Can you perform authenticity? Can you edit your own experience without falsifying it? I think that the answer is, yes, you can. It’s not easy: the slide from personality to mere persona is a smooth one. And once a persona is built, it is extremely hard to break free of it. It can feel like letting down your fans, or your friends, or your church. Growing would break through the persona shell, and it seems easier to cramp and deny growth so the shell stays in place. But it is possible to return, again and again, to the truth. That’s the great thing about the truth: it’ll still be there no matter what you do.
Now, being private about some stuff isn’t always inauthentic. But when you’re presenting yourself as cleaner or more confident or more expert than you really are, you are bearing false witness against yourself—asking to be judged by a standard you don’t meet. And, like atoms, dishonesty has the power of interacting at astronomical distances. Nothing goes unaffected by it.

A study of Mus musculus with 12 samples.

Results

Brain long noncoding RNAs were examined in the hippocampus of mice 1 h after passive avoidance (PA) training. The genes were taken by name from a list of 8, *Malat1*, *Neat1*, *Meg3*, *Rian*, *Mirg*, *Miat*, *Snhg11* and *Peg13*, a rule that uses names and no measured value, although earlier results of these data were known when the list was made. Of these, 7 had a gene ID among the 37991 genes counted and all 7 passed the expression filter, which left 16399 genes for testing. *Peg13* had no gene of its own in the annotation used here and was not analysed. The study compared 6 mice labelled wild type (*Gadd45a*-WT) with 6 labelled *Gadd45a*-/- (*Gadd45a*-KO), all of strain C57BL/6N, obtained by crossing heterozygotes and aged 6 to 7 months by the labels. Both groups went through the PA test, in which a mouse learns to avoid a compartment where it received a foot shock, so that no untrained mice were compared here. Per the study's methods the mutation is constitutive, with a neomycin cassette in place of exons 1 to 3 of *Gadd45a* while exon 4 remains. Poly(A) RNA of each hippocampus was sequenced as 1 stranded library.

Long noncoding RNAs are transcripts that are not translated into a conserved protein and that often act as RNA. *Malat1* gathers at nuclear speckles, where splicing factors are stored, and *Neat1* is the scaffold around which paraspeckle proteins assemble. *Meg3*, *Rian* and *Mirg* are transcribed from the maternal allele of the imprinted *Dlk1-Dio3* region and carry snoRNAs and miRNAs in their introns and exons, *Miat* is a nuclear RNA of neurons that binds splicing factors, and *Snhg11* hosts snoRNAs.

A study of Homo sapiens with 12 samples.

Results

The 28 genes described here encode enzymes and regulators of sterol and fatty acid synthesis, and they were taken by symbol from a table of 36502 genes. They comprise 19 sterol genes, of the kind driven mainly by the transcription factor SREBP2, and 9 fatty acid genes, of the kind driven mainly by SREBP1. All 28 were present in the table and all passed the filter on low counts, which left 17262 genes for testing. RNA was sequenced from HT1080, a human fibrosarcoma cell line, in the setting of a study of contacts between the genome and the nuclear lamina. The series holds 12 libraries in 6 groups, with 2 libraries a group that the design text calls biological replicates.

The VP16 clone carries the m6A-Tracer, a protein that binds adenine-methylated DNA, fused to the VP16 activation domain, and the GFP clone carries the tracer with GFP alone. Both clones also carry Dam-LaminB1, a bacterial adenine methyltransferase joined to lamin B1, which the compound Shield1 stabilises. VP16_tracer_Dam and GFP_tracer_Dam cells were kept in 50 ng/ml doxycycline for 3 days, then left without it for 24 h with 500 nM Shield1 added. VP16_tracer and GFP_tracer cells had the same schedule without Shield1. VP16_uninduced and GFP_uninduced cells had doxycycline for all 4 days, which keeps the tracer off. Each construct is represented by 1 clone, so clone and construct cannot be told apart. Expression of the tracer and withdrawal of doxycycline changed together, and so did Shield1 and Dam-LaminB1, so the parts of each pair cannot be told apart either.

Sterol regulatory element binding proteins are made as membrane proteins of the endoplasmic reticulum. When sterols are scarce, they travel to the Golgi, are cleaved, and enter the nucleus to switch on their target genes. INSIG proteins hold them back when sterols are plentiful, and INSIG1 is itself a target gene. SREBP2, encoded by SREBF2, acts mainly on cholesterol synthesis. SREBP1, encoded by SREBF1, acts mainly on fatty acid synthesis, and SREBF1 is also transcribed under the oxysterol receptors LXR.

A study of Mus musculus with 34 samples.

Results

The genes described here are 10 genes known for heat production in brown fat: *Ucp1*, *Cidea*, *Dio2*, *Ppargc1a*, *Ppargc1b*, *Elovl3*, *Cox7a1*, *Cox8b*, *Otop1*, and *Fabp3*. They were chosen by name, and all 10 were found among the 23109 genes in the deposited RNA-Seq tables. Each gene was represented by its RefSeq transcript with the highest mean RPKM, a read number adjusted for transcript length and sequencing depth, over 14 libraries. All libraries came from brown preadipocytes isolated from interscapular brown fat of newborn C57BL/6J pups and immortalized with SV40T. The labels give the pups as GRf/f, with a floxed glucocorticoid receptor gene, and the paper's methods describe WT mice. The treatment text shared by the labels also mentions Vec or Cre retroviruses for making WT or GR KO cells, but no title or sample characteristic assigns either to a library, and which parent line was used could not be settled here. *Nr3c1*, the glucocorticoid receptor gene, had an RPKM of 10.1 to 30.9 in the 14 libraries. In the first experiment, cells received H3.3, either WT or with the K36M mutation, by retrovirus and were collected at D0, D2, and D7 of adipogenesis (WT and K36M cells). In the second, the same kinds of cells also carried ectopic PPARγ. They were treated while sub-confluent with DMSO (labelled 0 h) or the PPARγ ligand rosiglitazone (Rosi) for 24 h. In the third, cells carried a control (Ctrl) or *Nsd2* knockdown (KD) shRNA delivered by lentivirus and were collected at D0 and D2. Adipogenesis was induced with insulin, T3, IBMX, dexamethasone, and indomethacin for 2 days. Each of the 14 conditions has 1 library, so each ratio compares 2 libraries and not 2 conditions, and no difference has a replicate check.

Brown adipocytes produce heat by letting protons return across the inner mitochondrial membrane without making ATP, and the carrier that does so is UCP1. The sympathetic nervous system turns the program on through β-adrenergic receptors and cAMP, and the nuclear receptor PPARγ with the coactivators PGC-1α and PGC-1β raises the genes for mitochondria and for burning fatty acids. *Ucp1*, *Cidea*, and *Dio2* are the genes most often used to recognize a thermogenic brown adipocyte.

Admitting your flaws can hurt. It would also be dishonest to pretend that confessing your own imperfections carries no risk to others with it; people who admire you might be upset to discover that you’re not as good as they thought, especially if you’re a figurehead of some kind. However much we rail against the bishops’ shocking betrayal of their flocks—and we should; I’d happily egg the diocesan offices here in Baltimore—it also takes less effort than we may like to admit, to understand not only their motives for so much lying, but how those motives could have presented themselves in terms of kindness rather than self-interest. Charles Williams articulated the illusion perfectly in his novel Descent Into Hell, in a scene in which a man meets a succubus made in the image of the young woman he is obsessed with but cannot pursue:
“You don’t think about yourself enough,” she said; the words were tender and grateful to him, and he knew they were true. He had never thought enough about himself. He had wanted to be kind. He had wanted to be kind to Adela; it was Adela’s obstinate folly which now outraged him. He had wanted to give himself to Adela out of kindness.
This does not make those lies any less the present operation of hell. It only means that we must confront hell within ourselves as well as without.